Aspen's Crown Jewel - The Highland Bowl

Highland Bowl

Aztech Mountain chats with Assistant Snow Safety Director Mike Spayd to discuss what makes Aspen Highlands “the local’s favorite.”

Aspen Highlands’ steep and varied terrain that cascades down either side of a long ridgeline dividing the Castle Creek and Maroon Creek valleysoffers enough skiing for a lifetime, but it’s Highland Bowl’s 1,500 vertical feet of steep, hike-to skiingthat makes it the favorite hill of many Aspen locals.

There is perhaps no hour-long workout in the world as effective and rewarding as hiking and skiing Highland Bowl. The bootpack above treeline to 12,392-foot Highland Peak delivers as much cardio as you can take, and the longest sustained steep skiing in Colorado offers variable conditions that strengthen the legs like no other. While multiple bowl laps in a day are commonplace - local John Gaston holds the record for most bowl laps in a day (11) - one or two bowl laps satisfy most Aspen skiers, especially mid-week. Those lucky enough to work at the base of Highlands can (if fitness allows) hike, ski and return to their desks within an hour. From Aspen, many can pull off a bowl lap within a 90-minute lunch break.

Highland Bowl offers an experience rivaling backcountry skiing within an environment controlled by ski patrol and local bootpackers. Highlands’ famous bootpacking program, born to keep the bowl stable, allows locals to earn a season pass by hiking up and down the bowl for 15 days at the beginning of the season. Though it seems a defining part of its character, Highland Bowl wasn’t completely opened until 2002. The bowl was off limits in the late ’70s and early ’80s, and patrol was told to pull passes and arrest bowl poachers. In 1984, while testing for stability, three patrollers were killed in a 1,000-foot-wide avalanche. Following the tragedy, Highland Bowl closed to the public. In 1993, in light of new ownership, Aspen Highlands Ski Patrol (AHSP) presented a proposal to study the bowl and install computerized weather stations. In the season of 1995, once patrol convinced Aspen Skiing Company that Highland Bowl could be safety controlled, it opened to the public. For the next decade, more and more terrain opened. But it wasn’t until 2001 that Highland Bowl opened all the way to its 12,302-foot summit. On December 14, 2002, the entire bowl, from the south to the north face, was game-on, doubling its available terrain. The next milestone was set in 2005, when the Deep Temerity lift opened. It eliminated the long traverse out of Highland Bowl, allowed for fall-line laps and added 180 acres of fall-line steeps.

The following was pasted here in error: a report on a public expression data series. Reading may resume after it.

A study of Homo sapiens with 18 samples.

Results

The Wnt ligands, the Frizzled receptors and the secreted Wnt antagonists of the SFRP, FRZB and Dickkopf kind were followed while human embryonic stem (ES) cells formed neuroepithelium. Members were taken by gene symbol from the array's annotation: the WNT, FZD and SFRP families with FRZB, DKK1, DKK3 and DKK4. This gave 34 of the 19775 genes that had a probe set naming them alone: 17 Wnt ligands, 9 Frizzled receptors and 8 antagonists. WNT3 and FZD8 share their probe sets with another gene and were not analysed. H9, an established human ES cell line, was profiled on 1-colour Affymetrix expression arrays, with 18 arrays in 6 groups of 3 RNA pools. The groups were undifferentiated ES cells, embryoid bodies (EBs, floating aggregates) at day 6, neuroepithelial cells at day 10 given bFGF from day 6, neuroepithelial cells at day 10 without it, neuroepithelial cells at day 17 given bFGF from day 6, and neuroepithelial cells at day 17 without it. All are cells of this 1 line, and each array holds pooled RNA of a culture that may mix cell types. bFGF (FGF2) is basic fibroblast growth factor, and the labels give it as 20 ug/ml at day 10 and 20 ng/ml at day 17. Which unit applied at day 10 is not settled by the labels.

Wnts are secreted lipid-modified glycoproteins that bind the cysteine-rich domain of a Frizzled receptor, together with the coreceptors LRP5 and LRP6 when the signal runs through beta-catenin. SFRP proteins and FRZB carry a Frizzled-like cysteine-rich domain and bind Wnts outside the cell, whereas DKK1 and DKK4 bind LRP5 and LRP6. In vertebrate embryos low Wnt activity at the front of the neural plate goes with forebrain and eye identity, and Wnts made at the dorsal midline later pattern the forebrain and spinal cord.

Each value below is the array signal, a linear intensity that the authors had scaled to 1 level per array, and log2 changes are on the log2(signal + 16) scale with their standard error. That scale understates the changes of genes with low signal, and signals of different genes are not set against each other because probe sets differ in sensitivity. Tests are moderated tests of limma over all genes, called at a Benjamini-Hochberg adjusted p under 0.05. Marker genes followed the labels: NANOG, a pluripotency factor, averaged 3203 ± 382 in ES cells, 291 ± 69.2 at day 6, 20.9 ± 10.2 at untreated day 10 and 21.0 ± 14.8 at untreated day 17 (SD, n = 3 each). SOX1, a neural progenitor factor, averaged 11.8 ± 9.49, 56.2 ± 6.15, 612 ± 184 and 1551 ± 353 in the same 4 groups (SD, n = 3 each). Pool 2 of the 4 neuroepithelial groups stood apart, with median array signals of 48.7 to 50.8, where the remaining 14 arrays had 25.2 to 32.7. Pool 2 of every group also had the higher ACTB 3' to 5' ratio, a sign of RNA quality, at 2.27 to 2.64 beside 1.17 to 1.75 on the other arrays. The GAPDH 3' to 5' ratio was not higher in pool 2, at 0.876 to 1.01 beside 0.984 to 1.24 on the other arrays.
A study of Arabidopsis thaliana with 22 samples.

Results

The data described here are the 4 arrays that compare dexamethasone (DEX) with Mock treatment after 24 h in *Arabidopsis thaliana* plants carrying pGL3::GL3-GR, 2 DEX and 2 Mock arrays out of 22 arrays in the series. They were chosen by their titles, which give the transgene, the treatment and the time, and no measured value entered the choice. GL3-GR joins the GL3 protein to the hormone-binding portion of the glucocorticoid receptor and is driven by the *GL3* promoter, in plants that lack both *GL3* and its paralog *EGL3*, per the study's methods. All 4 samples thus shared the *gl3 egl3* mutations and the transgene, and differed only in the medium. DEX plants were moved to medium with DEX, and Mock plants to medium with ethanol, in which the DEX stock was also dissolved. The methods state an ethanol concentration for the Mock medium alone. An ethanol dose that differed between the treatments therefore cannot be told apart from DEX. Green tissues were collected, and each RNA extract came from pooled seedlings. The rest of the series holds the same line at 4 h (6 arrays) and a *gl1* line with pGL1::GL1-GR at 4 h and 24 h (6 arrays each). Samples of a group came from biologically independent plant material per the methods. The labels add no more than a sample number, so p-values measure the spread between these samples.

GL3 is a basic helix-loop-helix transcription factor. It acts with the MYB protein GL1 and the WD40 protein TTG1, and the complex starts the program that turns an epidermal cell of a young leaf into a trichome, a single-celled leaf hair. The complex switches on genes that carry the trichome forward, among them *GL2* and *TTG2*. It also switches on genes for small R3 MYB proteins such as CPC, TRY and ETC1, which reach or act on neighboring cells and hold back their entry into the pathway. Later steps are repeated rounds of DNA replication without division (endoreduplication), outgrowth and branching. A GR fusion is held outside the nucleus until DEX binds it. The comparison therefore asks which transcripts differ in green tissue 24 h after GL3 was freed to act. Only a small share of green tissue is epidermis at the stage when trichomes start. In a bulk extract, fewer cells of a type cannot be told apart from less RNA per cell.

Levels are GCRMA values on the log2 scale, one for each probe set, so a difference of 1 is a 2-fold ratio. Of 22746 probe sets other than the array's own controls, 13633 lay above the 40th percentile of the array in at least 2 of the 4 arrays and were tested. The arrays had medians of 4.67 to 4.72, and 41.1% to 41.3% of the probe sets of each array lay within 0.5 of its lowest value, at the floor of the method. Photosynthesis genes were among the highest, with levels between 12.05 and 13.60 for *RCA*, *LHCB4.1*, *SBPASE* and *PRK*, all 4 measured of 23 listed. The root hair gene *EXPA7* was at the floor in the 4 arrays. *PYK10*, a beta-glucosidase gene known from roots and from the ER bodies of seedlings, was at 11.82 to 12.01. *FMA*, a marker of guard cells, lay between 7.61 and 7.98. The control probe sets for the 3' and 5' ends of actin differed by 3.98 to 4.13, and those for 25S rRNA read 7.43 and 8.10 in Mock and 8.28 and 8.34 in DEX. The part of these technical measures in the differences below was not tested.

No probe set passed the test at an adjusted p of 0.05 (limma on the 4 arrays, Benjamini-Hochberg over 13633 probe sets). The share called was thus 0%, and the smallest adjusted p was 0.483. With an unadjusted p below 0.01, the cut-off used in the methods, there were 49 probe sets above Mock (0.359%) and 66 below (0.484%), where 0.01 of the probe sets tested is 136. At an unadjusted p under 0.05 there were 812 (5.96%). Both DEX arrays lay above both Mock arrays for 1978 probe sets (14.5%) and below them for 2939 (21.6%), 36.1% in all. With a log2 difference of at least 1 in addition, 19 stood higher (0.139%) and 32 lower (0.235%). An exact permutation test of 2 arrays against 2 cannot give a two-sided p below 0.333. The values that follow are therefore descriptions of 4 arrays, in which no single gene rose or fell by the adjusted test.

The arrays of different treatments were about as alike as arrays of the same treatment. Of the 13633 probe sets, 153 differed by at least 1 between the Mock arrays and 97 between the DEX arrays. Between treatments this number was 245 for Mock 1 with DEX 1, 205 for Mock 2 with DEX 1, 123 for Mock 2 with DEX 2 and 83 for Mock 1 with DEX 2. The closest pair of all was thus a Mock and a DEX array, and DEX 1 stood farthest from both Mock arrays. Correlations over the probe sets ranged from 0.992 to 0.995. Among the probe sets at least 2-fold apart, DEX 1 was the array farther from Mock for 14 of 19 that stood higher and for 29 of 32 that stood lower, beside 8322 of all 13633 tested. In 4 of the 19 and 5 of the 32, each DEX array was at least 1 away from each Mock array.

Mike Spayd in Aztech's Hayden 3 Layer Shell System

In 2006, following four seasons of patrolling at Snowmass, Mike Spayd joined Aspen Highlands Ski Patrol to work on its snow safety team. The 41-year-old father of two also owns and operates a ranch and farm in Missouri Heights that raises cattle and poultry for many local restaurants and farmer’s markets. Come winter, he spends five to seven days a week in Highland Bowl. Aside from a life-long fascination with snow science, Spayd loves the high level of uncertainty his job offers every day.

“There’s something about coming to work each day and not knowingwhat hand you’re going to be dealt,” says Spayd. “Some people like structure—I deal a lot better with uncertainty. I enjoy being in situations that require decision making. There’s no algorithm; you have to figure it out on your own.”

On a typical day during ski season, Spayd leaves his house at 6:15 a.m. On a storm day, or a “high-hazard day”, it’s an hour earlier, and that’s after a night of checking the remote weather stations. “I can hit a button on my phone and look atwhat’s happening in real time, at Highland Peak, the North Woods and Cloud 9,” says Spayd. The wind speeds at the peak and the snow amounts from the North Woods give Spayd an idea of how the wind has affected snow conditions and where deposited snow might cause hazards. At patrol headquarters, the four-member snow safety team begins to formulate a plan. They meet with the rest of AHSP at the base by 8 a.m. to group up according to route assignments before loading an 8:15 lift (or earlier on storm days). The team works from the bottom up on a high-hazard day, opening all the ungated terrain first. Then it’s onto Steeplechase, Deep Temerity and, finally, Highland Bowl. Within the bowl, Spayd usually runs the centrally located Ozone/B1 route so he can have a visual on most of the routes and communicate with teams on either side. “What’s going on in G3 is totally different than what’s happening in B3, which might have a cornice and some wind loading,” says Spayd. Some days, ski patrol only needs to ski cut, other days, explosives come first. The teams work their way down the bowl, traveling to and from various safe zones. Communicating over radio, teams open terrain they’ve been working or meet in the run-out to discuss their findings.

“Some of us have titles as a management formality, and just like any expedition, it helps to have a leader to help facilitate the decision-making process, but when we’re up there, it’s really a huge team effort,” says Spayd. “Everyone contributes to the decision making.”

This season, while Aspen Snowmass is tracking average with snowfall, Spayd says the cold temperatures and relatively calm winds have helped Highland Bowl hang on to everything it has received. His favorite shots—Ozone and the left side of B3—have been skiing excellent. After last season’s low-tide, Aspen is certainly hoping for many more of those high-hazard days. When they come, AHSP will be ready.

“Skiing powder on sunny days is great, but from but an operational point of view, the challenging days are the most appealing,” says Spayd. “Nobody up there is seeking out danger, but the days when there’s a lot going on and everything has to be thought out—those are the days we do our best work.”